An unlikely Israeli election candidate: Coronavirus, says Hebrew University epidemiologist

According to Prof. Hagai Levine, “It will not be Corona that influences the elections, but rather the elections that influence Corona,” with the outcome determining whether it turns into a widespread epidemic in Israel. 

By Benjamin Brown, TPS

With Israel set to head to the polls tomorrow for the third time in a year, debates before election day have been focusing on an unlikely candidate to influence the vote: The novel Coronavirus (COVD-19).

Politicians and analysts have spent the past days pondering over the potential impact fear over the virus may have on voter turnout, with some voicing concern that exaggerating the risk of infection could be used as a political weapon to deter voters in certain regions from going to the polls.

“We are facing an unprecedented event with our third election, people are tired of voting again,” Professor Hagai Levine, an epidemiologist and public health expert at the Hebrew University of Jerusalem, told TPS. “Any minor perception of threat may have an impact on people looking for reasons not to go out and vote.”

“In addition, parties may distribute fake news or emphasize available news to affect people going to vote,” Levine said, adding that Sunday’s incident at Givatayim Mall near Tel Aviv provided a perfect example of how fears surrounding the virus could influence people in Israel.

On Sunday morning, reports emerged that a man had visited a clinic inside the shopping complex, complaining of ill health. With the news spreading that the man had come to Israel from the United States via Corona-stricken Italy, panic ensued with two levels of the mall being evacuated. Business at the mall resumed as normal shortly after, TPS was told.

Blue and White leader and Prime Ministerial candidate Benny Gantz soon expressed the fears shared by many in Israel: The use of Corona as a political tool. Gantz took to Twitter to accuse supporters of Prime Minister Benjamin Netanyahu and his Likud party of spreading claims of corona in Givatayim.

“Givatayim is a stronghold of Blue and White,” the former Israel Defense Forces Chief-of-Staff wrote, adding that “[Netanyahu] plans to disrupt election day, to disseminate fake news anywhere that is identified with Blue and White in order to keep you home.”

To Professor Levine, the Givatayim incident exemplifies how fears around the Coronavirus “may be used to frighten people.” It is not only the domestic political rivalry Israelis should be worried about, according to the government. A week ago the Prime Minister made public his concerns of foreign meddling in the election through Corona scares. The government is also concerned by possible false reports on the Coronavirus influencing the elections.

“There could be all kinds of elements, including foreign elements, which could interfere in the elections this way. We have an interest in stopping this,” Netanyahu said last week, announcing his plans to involve the Israeli Police as well the Israeli Security Agency (commonly known as the Shin Bet) in countering the threat.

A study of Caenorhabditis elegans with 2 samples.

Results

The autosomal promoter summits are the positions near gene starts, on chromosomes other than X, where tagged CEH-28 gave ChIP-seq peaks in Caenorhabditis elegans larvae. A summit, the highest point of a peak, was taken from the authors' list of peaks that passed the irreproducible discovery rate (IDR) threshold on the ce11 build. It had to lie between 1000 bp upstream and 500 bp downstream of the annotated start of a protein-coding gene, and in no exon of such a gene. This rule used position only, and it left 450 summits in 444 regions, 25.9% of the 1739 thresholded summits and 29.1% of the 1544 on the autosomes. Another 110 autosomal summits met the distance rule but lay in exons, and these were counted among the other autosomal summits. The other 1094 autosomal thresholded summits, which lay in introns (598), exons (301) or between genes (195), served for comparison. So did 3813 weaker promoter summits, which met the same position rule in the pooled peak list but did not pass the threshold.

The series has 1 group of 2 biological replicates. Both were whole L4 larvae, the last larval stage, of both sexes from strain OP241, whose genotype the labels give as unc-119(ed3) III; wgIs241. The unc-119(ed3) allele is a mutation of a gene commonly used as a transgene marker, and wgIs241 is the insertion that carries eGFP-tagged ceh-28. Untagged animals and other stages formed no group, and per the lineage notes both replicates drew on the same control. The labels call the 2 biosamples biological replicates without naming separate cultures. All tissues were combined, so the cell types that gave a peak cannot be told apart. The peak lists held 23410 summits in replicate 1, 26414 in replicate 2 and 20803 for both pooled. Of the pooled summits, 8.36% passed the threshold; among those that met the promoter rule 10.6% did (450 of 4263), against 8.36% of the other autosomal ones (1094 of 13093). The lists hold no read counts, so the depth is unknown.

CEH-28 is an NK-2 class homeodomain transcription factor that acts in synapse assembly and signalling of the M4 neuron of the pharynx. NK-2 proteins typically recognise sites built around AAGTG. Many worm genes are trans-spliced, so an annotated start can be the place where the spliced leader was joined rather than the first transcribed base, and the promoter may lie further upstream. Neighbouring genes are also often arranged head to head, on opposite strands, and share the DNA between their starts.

Aside from fictitious scenarios and exaggerated news reports, Levine believes that, in reality, Israelis should not be particularly concerned by the danger the election poses in regards to the spread of the Coronavirus. “So far, there has been no evidence of local transmission in Israel, so the risk should not be very high. The risk will definitely not be higher at polling stations than at any other gatherings or activities of daily life.”

“If there were widespread local transmission then yes, there would be a high risk, but not right now,” Levine added.

In fact, Levine believes that “it will not be Corona that influences the elections, but rather the elections that influence Corona.” With public health being neglected for years, according to the professor, it could well be the outcome of the elections – and parties’ willingness to revamp the health system – that could decide whether Coronavirus turns into a widespread epidemic in Israel. Levine told TPS that he had been surprised the virus, how to deal with it, and the health system, in general, had not played a bigger role in the political debates leading up to the election.

For some voters, however, the election will undoubtedly be influenced by Coronavirus: For those nearly 6,000 Israelis currently quarantined due to exposure to carriers of the virus or return from countries experiencing high infection-rates. It is an “unusual, unique process” these voters will face, Levine says, with special ballot boxes for those under quarantine.

The Ministry of Health said in a statement, it was in contact with those quarantined and had healthcare officials on the ground to inform voters of any updates.

With the fear of the virus spreading through ballot papers, those counting the votes will use protective gloves and clothing for counting the votes issued by members of the public under quarantine.

In the past, Israeli elections were said not to be over until the soldiers’ votes had come in. For Israel’s third election in a year, however, it may well be the Corona-quarantined voters’ ballot papers to come in last.

Asked if he had one message to Israelis worrying about the risk of infection at the polls, Levine stated that “it’s very important that everyone votes. Go vote without fear. There is no special risk in voting.”